Thursday, March 6, 2014

Serbia holds rate as cautious monetary policy warranted

    Serbia's central bank maintained its policy rate at 9.5 percent, noting that inflation had now returned to the bank's target range in January but adding that caution was warranted in monetary policy due to "heightened volatility in international financial markets" that is dampening investor sentiment and may negatively influence capital flows.
    The Bank of Serbia (NBS), which intervened on foreign exchange markets on Monday after repeated interventions last month to support the dinar currency, also stressed the need for caution last month, saying the country was still in need for external financing despite rising exports.
    "By keeping the key policy rate on hold, the NBS aims to support price and financial stability in the medium term," the central bank said, adding that consistent implementation of fiscal consolidation measures should diminish the country's exposure to external risks and strained liquidity in global financial markets in connection with reduced asset purchases by the U.S. Federal Reserve.
     Further steps in reducing the country's foreign exposure and maintain economic stability and growth would come from the expected conclusion of an agreement with the International Monetary Fund, the central bank said.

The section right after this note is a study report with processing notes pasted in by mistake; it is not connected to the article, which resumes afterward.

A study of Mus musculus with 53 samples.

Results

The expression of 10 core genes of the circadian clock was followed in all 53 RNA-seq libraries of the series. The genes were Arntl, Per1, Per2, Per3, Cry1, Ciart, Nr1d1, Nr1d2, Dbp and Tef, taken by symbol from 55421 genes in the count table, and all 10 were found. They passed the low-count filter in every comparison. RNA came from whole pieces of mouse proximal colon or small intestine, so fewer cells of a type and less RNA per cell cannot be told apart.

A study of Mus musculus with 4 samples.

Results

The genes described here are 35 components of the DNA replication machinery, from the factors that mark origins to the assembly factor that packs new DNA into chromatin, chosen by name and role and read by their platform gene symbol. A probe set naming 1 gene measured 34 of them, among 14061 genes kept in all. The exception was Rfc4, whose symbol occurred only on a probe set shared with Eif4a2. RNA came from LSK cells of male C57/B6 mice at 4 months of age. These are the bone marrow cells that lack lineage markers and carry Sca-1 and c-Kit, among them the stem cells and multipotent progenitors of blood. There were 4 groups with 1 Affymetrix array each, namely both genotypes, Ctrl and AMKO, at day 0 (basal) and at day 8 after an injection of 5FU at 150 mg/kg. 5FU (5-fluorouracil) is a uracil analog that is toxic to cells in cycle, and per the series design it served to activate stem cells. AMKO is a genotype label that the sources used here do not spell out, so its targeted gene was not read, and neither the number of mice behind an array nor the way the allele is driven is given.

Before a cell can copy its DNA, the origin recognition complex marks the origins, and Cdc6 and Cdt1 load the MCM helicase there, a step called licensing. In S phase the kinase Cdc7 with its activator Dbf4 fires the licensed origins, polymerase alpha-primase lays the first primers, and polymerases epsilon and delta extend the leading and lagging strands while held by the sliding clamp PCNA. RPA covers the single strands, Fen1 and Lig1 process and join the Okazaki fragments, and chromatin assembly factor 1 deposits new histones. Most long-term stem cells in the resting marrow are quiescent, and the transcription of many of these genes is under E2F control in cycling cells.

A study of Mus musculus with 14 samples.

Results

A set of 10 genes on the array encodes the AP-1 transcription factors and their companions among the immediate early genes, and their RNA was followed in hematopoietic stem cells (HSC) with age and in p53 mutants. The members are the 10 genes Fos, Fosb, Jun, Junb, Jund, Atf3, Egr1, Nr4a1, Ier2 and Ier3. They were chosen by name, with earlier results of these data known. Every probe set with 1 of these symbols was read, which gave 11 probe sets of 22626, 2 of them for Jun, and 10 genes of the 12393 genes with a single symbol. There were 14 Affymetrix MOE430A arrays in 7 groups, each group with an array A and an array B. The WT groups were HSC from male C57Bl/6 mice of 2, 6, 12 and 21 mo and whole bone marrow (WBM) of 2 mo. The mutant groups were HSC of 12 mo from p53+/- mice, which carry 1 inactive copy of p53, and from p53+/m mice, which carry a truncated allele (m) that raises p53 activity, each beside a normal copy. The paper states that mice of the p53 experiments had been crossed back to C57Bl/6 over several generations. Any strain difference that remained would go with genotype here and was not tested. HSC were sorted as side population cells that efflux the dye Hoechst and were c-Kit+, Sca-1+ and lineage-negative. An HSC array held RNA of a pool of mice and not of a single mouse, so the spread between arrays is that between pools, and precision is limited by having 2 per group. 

Talks between the IMF and Serbia's government started last month on a new agreement but the government needs to narrow its deficit further and save some 400 million euros.

    Serbia's inflation rate rose to 3.1 percent in January from 2.2 percent in December, returning to the central bank's target range of 2.5 percent to 5.5 percent, around a 4.0 percent midpoint.
   The central bank cut its rate by a net 175 basis points in 2013 as inflation slowed to a low of 1.6 percent in November. The bank expects inflation to rise in coming months due to higher administered prices and the one-off impact of higher value-added-tax on some goods in January.
    Serbia's economy pulled out of recession in 2011 and 2012, with Gross Domestic Product expanding by an annual rate of 2.6 percent in the fourth quarter of 2013.
    The bank, which has forecast growth of 1.5 percent in 2014, said manufacturing was growing in the beginning of this year, laying the foundation for growth this year that will be helped by a recovery of the euro area and the start of negotiations on accession to the European Union (EU).